Nissin Di622 II
This upgrade of the popular Nissin Di622 has remedied most of the omissions of the original flash. It now has a metal hot-foot, a less noisy zoom motor, a wireless dedicated mode, it comes with both a pc-socket and a 3.5 mm mono-plug jack, and it can also be fired by shorting the centre-pin of the hot-foot. These changes makes it suitable to be used as both as a dedicated slave, plain slave, and for being triggered by cheap radio triggers. Like its predecessor, it has a built-in bounce card and wide panel.
It still costs about half of the Canon 430EX II and Nikon SB-600. However, the lower price means that some tradeoffs are made. The build quality is not in the same league as Canon and Nikon flash units. (For instance, the there is no locking mechanism on the swivel head. This may pose a problem when adding snoots and diffusers.) While it supports dedicated wireless remote operation, there is only a single group and channel available (channel 1, group A). There is no rear LCD, the sync speed with radio triggers must be kept below 1/160 second, and there are only six levels of manual control. The zoom head is not manually adjustable. In the hot-shoe, it follows the focal-length of the camera's lens without taking crop-factor into account. Off camera, the zoom head is fixed at the 35mm setting.
Instead of a rear LCD, the user interface depends on the use of LEDs. There is a mode button that let you cycle through the five different modes offered by the flash, The mode button doubles as mode indicator. As you press it, it changes colour to indicate the current mode. Below the LEDs, there is a -/+ switch that lets you adjust power level or exposure compensation. The power indicator consists of six yellow LEDs just above the -/+ switch. Here's a summary of the five modes. The mode set is indicated by the colour of the mode LED:
- When the mode LED is off, the flash is in normal hot shoe TTL mode. This is when flash power is controlled by the camera, but you may set flash exposure compensation (FEC/FOLC) from -1.5 EV to +1.5 EV with the -/+ switch.
- Red indicates manual mode “M”. In this, and the other manual modes, the -/+ switch sets manual flash power between 1/1 and 1/32. The flash can be fired by a hot-shoe connection, or through the pc- or monoplug socket.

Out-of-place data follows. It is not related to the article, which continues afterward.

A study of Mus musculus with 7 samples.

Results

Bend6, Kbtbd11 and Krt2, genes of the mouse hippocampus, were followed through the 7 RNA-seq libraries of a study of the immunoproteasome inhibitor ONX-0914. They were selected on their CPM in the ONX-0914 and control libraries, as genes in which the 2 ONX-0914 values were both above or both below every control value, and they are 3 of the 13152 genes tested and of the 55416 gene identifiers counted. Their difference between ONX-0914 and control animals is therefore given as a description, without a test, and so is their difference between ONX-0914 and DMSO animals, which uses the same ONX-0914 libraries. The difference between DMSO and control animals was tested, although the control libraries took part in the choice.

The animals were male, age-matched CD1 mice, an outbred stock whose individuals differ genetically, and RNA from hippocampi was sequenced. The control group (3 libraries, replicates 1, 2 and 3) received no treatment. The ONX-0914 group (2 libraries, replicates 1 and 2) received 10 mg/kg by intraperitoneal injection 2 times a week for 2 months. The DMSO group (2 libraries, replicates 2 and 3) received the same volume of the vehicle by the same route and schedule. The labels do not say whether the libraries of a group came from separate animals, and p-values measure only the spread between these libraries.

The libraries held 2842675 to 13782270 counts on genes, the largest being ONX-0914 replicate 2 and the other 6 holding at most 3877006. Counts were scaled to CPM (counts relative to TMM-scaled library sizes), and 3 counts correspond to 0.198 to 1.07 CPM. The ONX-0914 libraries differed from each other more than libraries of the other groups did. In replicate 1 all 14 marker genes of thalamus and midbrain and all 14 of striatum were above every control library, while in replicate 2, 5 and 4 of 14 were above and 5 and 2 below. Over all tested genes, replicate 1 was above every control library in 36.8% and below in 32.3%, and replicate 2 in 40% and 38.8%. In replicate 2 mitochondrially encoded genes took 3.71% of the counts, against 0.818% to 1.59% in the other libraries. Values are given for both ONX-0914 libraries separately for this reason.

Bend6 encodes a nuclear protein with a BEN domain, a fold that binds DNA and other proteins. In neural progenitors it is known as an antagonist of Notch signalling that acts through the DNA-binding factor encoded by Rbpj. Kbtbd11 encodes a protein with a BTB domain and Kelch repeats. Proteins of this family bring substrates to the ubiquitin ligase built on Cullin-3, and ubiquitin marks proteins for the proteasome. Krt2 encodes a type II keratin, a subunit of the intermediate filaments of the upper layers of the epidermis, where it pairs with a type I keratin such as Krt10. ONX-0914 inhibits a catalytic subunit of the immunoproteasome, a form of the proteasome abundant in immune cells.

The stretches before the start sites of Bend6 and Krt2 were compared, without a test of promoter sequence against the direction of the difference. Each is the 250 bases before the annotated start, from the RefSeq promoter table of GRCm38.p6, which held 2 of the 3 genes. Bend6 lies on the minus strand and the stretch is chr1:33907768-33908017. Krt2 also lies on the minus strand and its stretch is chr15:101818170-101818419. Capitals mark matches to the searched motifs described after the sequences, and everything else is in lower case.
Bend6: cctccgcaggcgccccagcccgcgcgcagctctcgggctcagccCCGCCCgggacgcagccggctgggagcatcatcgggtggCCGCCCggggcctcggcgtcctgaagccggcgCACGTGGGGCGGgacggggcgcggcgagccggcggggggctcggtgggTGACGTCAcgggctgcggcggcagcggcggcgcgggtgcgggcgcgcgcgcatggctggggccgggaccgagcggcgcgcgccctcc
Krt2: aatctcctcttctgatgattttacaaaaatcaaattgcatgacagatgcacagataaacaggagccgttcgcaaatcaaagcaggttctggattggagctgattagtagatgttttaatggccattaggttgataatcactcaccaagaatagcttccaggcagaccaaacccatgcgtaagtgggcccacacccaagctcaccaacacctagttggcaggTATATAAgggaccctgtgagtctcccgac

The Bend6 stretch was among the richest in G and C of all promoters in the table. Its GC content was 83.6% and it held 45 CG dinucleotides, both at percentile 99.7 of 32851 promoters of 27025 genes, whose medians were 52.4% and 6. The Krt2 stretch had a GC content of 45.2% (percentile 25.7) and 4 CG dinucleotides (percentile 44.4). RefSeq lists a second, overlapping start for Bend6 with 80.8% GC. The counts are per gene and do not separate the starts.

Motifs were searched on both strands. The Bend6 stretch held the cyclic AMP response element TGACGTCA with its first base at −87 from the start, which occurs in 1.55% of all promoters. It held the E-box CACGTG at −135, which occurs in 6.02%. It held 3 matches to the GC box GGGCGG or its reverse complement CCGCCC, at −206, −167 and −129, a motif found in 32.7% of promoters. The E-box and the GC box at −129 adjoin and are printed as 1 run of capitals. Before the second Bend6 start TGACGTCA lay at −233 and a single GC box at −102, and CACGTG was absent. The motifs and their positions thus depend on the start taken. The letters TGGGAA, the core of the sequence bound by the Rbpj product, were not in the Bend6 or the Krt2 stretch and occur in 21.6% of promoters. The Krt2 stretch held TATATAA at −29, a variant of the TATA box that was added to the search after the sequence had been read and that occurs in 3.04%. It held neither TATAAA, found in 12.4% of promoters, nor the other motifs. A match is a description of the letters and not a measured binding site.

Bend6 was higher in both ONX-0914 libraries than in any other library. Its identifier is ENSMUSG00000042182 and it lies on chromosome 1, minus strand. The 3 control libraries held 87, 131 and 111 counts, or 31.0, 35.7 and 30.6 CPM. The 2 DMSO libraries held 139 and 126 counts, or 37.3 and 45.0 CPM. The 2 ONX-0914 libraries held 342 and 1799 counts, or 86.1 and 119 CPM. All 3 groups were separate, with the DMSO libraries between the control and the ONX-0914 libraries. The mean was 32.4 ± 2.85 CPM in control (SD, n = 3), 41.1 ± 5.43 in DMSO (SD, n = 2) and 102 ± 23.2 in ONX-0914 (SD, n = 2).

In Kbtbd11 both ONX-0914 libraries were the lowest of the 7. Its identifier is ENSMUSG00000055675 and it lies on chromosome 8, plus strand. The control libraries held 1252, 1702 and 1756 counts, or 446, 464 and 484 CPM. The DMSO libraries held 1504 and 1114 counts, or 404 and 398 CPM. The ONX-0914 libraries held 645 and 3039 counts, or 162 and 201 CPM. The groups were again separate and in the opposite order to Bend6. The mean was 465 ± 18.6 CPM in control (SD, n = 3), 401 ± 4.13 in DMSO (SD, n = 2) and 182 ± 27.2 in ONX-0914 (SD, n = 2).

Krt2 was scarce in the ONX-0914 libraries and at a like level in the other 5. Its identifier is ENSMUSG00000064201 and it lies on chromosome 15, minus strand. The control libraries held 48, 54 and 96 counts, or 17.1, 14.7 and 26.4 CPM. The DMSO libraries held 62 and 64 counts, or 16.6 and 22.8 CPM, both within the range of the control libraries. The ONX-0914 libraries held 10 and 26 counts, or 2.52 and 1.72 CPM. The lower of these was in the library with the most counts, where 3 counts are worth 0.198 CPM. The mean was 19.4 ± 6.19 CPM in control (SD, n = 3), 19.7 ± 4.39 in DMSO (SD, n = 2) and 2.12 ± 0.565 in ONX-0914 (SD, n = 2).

- Green indicates digital slave mode “SD” where the unit ignores pre-flashes to fire in sync with the main flash. The -/+ switch sets manual flash power.
- Blue indicates plain slave mode “SF” where the unit fires whenever it sees the light of another flash. The -/+ switch sets manual flash power.
- Purple indicates the wireless dedicated slave mode, i.e. Canon E-TTL II or Nikon AWL slave mode, where the power of the unit is wirelessly controlled by the camera. In this mode, the -/+ switch can't be used.
For dedicated flash systems: Canon, Nikon.
Head: 16, 24-105mm coverage, power zoom (tracks lens).
Swivel & tilt: -180° to +90° swivel, 0° to +90° tilt.
Exposure modes: TTL, Varipower.
Manual settings: 1/1 to 1/32 in 1/1 EV steps (6 steps).
Wireless modes: Remote (dedicated), Plain slave, Digital slave.
Features: Metal foot, Sync. socket, Strobist.
Trigger voltage: 3.5 volt.
Flash duration: 1/800 sec. @ 1/1 (full output).
Field upgradable: via dealer.
Dimensions: 77 x 103 x 130 mm, 315 g.
|Zoom head setting:||f=35mm||f=50mm||f=max|
|Guidenumber (ISO 100, meter):||26||34||44|
|GNs taken from manufacturer's specifications.|
Price: USD 160 (new, w/o tax).
For a detailed explanation of the above specifications, see the guide.
- Download manual from www.nissindigital.com.
Nissin is a Japanese manufacturer of flash units. It differs from almost any other Japanese company I've dealt with by having poor communication skills, not responding to customers concerns, and putting stuff on the market before it is ready. Its manufacturing facility is located in Shenzhen (China) and its sales operation is located in Hong Kong. For all practical purposes, I would say that this is a Chinese company.
The company was founded in 1959, and has produced professional flash units since 1967. In 2007, the company introduced Di622, its first dedicated flash aimed at the DSLR TTL-market.